FILE - A man leans on a sign, in Addis Ababa, Sept. 26, 2022. Members of the tourism sector hope the November peace deal between the Ethiopian federal government and the Tigray People’s Liberation Front will help boost tourism.

Ethiopia's tourism authorities say the industry lost $2 billion during the past two years because of the COVID-19 pandemic and the war in the Tigray region. With the November peace deal between the Ethiopian federal government and the Tigray People's Liberation Front, the Ministry of Tourism is ramping up efforts to revive an industry disrupted by the country's civil war.

Ethiopia's Epiphany festival, known as "Timket" in Amharic and Tigrigna, is expected to attract thousands of Christians during its two-day celebration, which ends today.

Rhoda Berger and her friend Fatima Arnous traveled from Germany and France respectively, and are taking part in Ethiopia's Epiphany festival at Jan Meda, Addis Ababa. The celebration is expected to attract thousands of Christians and other visitors intrigued to learn about the annual religious ceremony.

People celebrate Epiphany, a colorful festival celebrated all over Ethiopia to commemorate the baptism of Jesus Christ by John the Baptist in the River Jordan, in Addis Ababa, Ethiopia, Jan. 18, 2023.
People celebrate Epiphany, a colorful festival celebrated all over Ethiopia to commemorate the baptism of Jesus Christ by John the Baptist in the River Jordan, in Addis Ababa, Ethiopia, Jan. 18, 2023.

Berger, who said she is half Ethiopian and half German, said this isn't her first time visiting but the combination of the pandemic and war prevented her from returning since her last visit three years ago in 2020.

"I was actually trying to come last year but then I decided not to because of the conflict and COVID as well," she said. "I really wanted to and I missed it a lot because I have family here and friends here, so I really wanted to come back and I was just waiting until the situation got a bit better."

Her friend, Arnous, said she is visiting Ethiopia for the first time.

"When I read ... newspapers and when I was talking to people and everything, everybody tells me yeah, you have to be careful," Arnous told VOA. "But I guess it's everywhere the same situation and I wanted to visit the country and that's why I'm here."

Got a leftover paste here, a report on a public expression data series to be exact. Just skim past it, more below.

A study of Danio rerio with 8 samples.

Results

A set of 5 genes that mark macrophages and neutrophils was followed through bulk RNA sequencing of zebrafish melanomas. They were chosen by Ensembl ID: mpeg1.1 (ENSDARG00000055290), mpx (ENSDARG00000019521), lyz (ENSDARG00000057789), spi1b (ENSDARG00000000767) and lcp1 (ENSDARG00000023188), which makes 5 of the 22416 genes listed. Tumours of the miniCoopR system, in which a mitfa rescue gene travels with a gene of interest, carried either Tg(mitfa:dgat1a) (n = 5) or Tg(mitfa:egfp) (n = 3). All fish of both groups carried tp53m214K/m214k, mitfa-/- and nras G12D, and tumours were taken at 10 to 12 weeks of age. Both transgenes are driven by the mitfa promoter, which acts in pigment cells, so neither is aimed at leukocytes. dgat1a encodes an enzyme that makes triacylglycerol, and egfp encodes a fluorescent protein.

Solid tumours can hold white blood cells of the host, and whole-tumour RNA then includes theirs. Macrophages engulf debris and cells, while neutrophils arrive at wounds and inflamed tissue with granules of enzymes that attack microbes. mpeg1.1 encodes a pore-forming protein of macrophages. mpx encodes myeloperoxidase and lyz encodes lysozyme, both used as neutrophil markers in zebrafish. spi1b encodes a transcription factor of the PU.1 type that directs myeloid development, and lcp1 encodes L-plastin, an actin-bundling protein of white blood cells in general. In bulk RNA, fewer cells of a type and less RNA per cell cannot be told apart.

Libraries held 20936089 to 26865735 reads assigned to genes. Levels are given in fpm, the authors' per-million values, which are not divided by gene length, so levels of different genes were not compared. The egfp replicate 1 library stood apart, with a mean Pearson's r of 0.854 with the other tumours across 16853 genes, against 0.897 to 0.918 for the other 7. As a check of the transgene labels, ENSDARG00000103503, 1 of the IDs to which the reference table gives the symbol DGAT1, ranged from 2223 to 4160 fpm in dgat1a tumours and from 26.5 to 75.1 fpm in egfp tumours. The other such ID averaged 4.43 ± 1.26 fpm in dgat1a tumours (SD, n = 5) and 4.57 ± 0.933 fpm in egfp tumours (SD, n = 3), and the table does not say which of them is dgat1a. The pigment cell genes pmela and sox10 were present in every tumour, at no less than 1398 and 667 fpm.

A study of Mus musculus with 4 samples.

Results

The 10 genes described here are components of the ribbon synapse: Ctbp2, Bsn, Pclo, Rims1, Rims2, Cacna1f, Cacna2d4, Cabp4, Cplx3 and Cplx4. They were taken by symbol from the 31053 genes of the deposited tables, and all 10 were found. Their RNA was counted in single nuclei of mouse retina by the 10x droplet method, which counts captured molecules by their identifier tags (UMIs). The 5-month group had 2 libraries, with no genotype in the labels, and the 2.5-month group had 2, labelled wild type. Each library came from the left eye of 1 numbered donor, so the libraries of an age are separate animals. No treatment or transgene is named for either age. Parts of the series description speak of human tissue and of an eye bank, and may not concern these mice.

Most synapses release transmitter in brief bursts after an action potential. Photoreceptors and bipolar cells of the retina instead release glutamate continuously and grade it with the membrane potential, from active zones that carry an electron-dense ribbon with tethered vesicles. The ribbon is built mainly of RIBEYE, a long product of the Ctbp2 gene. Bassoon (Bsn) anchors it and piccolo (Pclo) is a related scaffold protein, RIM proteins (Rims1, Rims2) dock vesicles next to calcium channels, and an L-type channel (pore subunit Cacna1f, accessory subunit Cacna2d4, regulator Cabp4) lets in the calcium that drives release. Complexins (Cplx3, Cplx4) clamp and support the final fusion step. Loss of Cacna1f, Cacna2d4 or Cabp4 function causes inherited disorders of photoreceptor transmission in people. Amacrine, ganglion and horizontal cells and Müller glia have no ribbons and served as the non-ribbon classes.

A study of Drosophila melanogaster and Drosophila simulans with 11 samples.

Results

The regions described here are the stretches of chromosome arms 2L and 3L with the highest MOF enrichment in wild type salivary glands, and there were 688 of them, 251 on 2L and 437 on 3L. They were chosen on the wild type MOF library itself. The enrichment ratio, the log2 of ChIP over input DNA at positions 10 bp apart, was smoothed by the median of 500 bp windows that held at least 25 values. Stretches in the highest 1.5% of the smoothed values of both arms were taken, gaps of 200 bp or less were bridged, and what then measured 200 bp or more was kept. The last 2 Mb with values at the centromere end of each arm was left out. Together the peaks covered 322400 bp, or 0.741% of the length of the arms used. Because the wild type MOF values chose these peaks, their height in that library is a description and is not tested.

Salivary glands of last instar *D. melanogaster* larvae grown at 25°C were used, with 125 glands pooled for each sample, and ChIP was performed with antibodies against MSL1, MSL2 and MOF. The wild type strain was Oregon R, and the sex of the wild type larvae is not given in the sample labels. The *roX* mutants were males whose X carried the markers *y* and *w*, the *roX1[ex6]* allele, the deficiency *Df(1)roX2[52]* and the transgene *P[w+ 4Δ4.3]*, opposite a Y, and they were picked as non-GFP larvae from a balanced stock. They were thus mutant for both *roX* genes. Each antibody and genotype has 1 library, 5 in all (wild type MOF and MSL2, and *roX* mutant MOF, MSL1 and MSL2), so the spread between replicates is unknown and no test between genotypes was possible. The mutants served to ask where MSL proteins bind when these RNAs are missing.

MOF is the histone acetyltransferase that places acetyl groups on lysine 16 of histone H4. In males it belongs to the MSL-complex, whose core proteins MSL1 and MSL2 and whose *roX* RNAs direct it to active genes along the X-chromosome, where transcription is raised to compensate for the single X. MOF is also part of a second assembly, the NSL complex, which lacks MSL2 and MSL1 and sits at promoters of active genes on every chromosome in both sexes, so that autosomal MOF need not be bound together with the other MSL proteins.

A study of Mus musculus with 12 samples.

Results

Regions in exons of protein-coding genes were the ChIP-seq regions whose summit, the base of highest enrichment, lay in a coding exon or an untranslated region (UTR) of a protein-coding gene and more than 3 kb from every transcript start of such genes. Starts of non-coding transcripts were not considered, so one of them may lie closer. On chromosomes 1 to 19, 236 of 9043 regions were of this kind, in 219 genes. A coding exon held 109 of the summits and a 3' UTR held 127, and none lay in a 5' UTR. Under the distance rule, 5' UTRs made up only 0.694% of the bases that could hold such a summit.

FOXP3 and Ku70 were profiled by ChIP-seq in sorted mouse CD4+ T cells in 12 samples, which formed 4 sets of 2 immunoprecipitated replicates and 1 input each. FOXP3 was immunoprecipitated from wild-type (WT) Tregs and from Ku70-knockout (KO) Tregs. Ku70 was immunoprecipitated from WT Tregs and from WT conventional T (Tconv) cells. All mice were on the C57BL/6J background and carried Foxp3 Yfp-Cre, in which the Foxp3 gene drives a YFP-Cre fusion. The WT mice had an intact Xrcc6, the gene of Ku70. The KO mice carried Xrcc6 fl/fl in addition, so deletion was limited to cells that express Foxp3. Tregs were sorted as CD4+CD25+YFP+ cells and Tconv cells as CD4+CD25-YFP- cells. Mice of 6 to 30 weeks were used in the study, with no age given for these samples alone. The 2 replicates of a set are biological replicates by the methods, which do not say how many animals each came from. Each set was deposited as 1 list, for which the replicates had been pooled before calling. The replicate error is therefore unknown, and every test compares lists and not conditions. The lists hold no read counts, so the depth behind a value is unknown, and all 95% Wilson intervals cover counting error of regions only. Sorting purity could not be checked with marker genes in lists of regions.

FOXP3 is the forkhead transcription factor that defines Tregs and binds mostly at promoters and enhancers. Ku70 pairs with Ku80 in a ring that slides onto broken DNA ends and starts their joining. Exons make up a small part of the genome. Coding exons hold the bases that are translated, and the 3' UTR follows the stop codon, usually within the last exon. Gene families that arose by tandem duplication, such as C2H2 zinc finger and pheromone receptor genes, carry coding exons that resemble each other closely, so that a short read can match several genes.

Members of the tourism sector hope the tide is turning with peace that's taking root.

Henok Abebe, who has worked as a tour guide for over 10 years in the city of Gonder, the epicenter of Timket celebrations, saw work opportunities dwindle to nothing in the past three years as the war worsened and travel restrictions increased. Travel advisories — specifically from western Europe, where Henok said a majority of his guests reside — deeply hurt his business.

During that time, Henok and his fellow tour guides turned to local tourists. But at one point, when Tigrayan fighters had entered the Amhara region, Henok left to join the fighting and volunteered with the regional Amhara militia. .

Ethiopia suffered heavy financial losses from the disruption to tourism, according to Ethiopia's Tourism State Minister Sileshi Girma.

He said because of the impact of the war and COVID-19, an estimated $2 billion has been lost in revenue due to a shortfall of about 3 million tourists.

With hopes of the peace deal holding, the ministry is working on revamping the battered industry. This includes reinstating flights to cities in the Tigray region and opening up historic destinations like the town of Lalibela in the Amhara region where there are rock-hewn churches.

Officials are also looking to lure more visitors from other African countries and the Middle East.